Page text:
Overall, I thought this was a good year for music on a whole. I think the most interesting point, for me at least, was the lack of a truly transformative album that really got me super excited. There was a lot of great music, but nothing truly exceptional.
Anyway, the rest of my favorites this year:
11) Gary Clark Jr - The Story of Sonny Boy Slim
12) Sarah Bethe Nelson - Fast Moving Clouds
13) All Dogs - Kicking Every Day
14) Alabama Shakes - Sound and Color
15) Mal Blum - You Look a Lot Like Me
16) Courtney Barnett - Sometimes I Sit and Think, And Sometimes I Just Sit
17) Rhiannon Giddens - Tomorrow is My Turn
18) Jason Isbell - Something More Than Free
19) YACHT - I Thought The Future Would Be Cooler
20) Jamie xx - In Colour
And the best of the rest:
Hop Along - Painted Shut
Frank Turner - Positive Songs for Negative People
Colleen Green - I Want to Grow Up
Drew Holcolmb and The Neighbors - Medicine
Heather Maloney - Making Me Break
Waxahatchee - Ivy Tripp
Purity Ring - Another Eternity
Jedi Mind Tricks - The Thief and The Fallen
Holly Herndon - Platform
Rhett Miller and Black Prairie - The Traveler
Best Coast - California Nights
David Wax Museum - Guesthouse
CHVRCHES - Every Open Eye
Matt Pond PA - The State of Gold
Bully - Feels Like
Lady Lamb - After
The Deslondes - The Deslondes
GEMS - Kill the One You Love
And now, the negatives:
I don't want to trash some of the worst albums I heard this year, because I've already done that in the weekly posts. So instead, a quick rant:
Streaming is the future. We're big proponents of Spotify here, but Google Music and Apple and YouTube (and to a lesser extent, Tidal) are also making plays into the field. The world of on-demand, buffet-style music has been a boon to the industry in Europe, and is really the way forward for making music something we can continue to enjoy for years to come.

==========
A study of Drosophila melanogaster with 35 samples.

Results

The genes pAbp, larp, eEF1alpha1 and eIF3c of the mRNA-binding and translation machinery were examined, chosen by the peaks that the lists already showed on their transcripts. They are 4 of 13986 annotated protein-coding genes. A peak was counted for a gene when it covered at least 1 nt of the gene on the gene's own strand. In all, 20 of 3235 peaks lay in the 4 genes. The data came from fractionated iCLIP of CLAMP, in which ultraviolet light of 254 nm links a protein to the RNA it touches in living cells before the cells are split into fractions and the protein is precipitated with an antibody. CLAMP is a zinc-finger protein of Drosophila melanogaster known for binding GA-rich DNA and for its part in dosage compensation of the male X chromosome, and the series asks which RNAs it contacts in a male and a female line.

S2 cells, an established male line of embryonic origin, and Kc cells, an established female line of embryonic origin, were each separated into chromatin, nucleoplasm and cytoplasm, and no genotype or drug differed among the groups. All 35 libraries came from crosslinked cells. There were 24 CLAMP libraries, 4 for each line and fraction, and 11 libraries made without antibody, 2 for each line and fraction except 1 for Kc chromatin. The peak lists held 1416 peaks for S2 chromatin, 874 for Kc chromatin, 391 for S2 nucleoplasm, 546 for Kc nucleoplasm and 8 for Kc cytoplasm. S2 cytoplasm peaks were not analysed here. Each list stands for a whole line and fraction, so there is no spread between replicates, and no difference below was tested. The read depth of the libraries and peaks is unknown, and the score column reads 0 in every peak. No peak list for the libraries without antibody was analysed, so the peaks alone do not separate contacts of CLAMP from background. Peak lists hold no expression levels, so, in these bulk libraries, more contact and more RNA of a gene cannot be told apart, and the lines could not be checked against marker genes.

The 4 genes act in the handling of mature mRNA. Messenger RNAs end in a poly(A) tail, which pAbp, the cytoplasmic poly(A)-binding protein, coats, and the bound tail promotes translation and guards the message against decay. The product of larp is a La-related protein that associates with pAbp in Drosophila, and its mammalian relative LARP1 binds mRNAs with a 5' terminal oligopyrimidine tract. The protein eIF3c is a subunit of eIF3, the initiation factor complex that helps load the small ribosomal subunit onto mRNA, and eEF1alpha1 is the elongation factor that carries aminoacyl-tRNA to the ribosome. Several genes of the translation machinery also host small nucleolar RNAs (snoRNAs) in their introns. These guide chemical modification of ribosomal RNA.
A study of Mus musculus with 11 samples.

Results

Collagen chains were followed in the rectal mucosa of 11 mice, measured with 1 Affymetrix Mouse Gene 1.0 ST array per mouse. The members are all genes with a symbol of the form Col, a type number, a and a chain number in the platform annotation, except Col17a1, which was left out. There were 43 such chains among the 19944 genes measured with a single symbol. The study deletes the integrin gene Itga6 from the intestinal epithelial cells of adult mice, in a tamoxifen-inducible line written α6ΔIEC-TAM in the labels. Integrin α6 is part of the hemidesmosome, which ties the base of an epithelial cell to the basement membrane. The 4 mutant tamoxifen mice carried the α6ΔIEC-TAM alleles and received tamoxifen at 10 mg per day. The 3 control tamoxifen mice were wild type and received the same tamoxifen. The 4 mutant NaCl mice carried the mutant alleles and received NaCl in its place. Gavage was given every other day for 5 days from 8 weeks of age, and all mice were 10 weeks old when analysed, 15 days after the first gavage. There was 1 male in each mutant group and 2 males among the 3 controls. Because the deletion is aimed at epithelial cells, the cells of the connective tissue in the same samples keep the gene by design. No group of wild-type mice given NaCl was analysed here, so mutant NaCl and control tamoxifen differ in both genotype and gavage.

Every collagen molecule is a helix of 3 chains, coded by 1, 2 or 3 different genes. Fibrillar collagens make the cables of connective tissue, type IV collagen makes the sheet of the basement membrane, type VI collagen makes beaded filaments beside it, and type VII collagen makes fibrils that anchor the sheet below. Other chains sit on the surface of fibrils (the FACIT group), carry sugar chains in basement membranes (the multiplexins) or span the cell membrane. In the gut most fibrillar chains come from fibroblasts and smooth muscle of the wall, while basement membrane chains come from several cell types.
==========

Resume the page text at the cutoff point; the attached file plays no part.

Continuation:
So when you have artists like Taylor Swift or Adele opting out, it sends a very bad message. To be clear, I am a proponent of artists having control over how their music is distributed. If a band wants to give away its album for free on Bandcamp, or if Peter Buck just wants a limited run of 1000 vinyl records of his solo albums, so be it. Taylor Swift and Adele, to a point, do not need what Spotify offers, since they can sell millions of copies of their albums in a week via traditional methods. But when they say it devalues music, that it isn't paying out what they expect... it sounds very tone-deaf. It shows a lack of understanding of the dire straits music was in due to the amount of illegal downloading that was occurring.
The math on Spotify is difficult, I do agree. We're in a weird situation here where the artists feel more empowered than ever, where the major labels don't have as much clout, but where record contracts (especially 360 deals) seem to have artists locked in more than we've recently seen with less solid compensation, the complaints about Spotify streams not paying out over a full album doesn't register. My most listened to album of 2015, the new Decemberists, was streamed in full well over 50 times, with "Philomena" getting a number of extra streams on top of that. If the reports on payouts are correct, they got more money from Spotify than they would have had I bought the album at full price either via download or via hard copy CD.
It's unfortunate to not see Taylor Swift or Adele on these services, but, like I said, they don't need them. But a band like Radiohead? Or Joanna Newsom? Or, even worse, an independent act like Bess Rogers? Especially on the latter acts where any sort of exposure that pays out money is going to be a good thing, you're ultimately asking a lot of music consumers to seek out your music on a lot of less convenient platforms, and in a way that will likely net you less money if you're working independently (since you control the distribution, publishing, songwriting, and so on).
I don't want to see this become a bit of a trend. While I don't want to shame artists who are opting out, I also want to kind of shake them sand say "look at what you're doing!" We've progressed a lot past the point where the only way to hear music was to see it performed in person, and while the balance of "the only way to get paid is to perform live" hasn't quite been achieved yet, opting out isn't going to help balancing things out, either. I'm hoping 2016 is a better year across the board for this sort of thinking.
Next week, a review of some of the best songs of 2015.